Bayou State's governor splits speeds, restricts lane usage

| 9/4/2003

Louisiana Gov. Mike Foster bypassed the Legislature last week by taking speed limits and lane restrictions into his own hands, according to Baton Rouge, LA, television station WBRZ.

Last week, Foster, a Republican, ordered the speed limit reduction and lane restrictions for heavy trucks on Interstate 10 through the Atchafalaya Basin after a truckdriver and four others died in an 11-vehicle pile-up accident on I-10 between Butte La Rose and Whiskey Bay.

“Not everybody believes the governor has the authority to simply change speed limits and implement lane restrictions on a whim, especially since the Legislature rejected that idea earlier this year,” said Todd Spencer, executive vice president of the Owner-Operator Independent Drivers Association. “While the governor may see a benefit in reduced speed limits, it’s ludicrous to simply lower the speed limit for trucks and create a split speed limit. That won’t resolve the problem.”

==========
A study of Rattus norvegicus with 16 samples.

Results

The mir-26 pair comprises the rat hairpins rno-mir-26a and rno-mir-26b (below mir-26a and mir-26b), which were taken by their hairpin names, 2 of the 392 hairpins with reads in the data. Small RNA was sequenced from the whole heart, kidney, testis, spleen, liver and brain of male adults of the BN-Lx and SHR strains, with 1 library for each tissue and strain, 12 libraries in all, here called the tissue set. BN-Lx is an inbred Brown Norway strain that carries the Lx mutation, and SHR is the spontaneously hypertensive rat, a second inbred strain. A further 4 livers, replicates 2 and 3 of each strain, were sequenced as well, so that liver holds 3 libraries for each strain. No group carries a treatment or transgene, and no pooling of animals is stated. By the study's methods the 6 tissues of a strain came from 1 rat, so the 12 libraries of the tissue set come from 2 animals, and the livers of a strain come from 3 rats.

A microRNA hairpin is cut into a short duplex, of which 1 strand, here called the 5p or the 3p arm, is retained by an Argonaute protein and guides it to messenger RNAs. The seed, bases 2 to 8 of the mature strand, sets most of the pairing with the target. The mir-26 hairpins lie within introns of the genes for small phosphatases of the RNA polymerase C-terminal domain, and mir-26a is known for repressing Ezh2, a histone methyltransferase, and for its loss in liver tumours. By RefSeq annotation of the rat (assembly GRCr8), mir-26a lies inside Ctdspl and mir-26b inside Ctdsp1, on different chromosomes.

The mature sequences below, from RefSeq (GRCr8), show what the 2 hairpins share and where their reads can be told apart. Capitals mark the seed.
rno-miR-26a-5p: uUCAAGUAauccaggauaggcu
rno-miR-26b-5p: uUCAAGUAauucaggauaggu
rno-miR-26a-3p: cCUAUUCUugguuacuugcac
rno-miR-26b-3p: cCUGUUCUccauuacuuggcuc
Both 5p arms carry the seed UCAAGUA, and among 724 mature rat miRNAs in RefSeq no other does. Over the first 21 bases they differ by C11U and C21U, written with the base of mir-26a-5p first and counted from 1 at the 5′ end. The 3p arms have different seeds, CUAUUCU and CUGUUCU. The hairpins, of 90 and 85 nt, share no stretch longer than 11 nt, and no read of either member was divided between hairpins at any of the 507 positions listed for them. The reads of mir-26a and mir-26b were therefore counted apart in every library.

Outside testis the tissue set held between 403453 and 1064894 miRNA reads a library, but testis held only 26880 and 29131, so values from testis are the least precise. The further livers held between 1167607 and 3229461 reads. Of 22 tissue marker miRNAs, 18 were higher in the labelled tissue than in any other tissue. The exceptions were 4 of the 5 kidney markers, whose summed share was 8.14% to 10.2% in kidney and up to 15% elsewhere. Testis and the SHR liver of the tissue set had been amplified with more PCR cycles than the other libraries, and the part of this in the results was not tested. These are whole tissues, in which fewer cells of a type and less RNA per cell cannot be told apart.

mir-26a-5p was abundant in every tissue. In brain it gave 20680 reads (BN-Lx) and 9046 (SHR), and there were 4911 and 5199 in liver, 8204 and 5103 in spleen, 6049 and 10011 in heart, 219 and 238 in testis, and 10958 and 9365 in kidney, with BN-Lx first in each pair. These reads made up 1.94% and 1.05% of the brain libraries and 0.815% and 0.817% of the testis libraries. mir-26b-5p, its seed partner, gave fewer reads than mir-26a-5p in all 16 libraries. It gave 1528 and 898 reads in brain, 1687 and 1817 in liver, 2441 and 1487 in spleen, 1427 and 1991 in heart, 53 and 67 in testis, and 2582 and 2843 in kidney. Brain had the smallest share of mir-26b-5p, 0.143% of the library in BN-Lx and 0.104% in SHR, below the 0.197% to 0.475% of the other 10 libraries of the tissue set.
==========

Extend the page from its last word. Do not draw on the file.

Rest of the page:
Earlier this year, the state’s Legislature failed to pass two bills that would have restricted trucks to the right lane. HB241 would have restricted heavy trucks weighing at least 5,000 pounds from passing any motor vehicle on an elevated thoroughfare or on a street or highway within a municipality. HB1478 would have permitted city governments to adopt ordinances restricting heavy trucks weighing at least 5,000 pounds to the right lane on all city streets, roads and highways.

Both bills were still in the House Transportation Committee when the Legislature adjourned June 23.

Spencer said OOIDA was urging Louisiana truckers to contact their state lawmakers now and ask those lawmakers to talk some sense into the governor.

“State lawmakers can be held accountable for what their governor does,” he added. “Lawmakers should be bold in speaking out against the governor’s knee-jerk reaction.”

The governor’s lane and speed restrictions are scheduled to take effect in mid-October and require the installation of new signs along the roadways.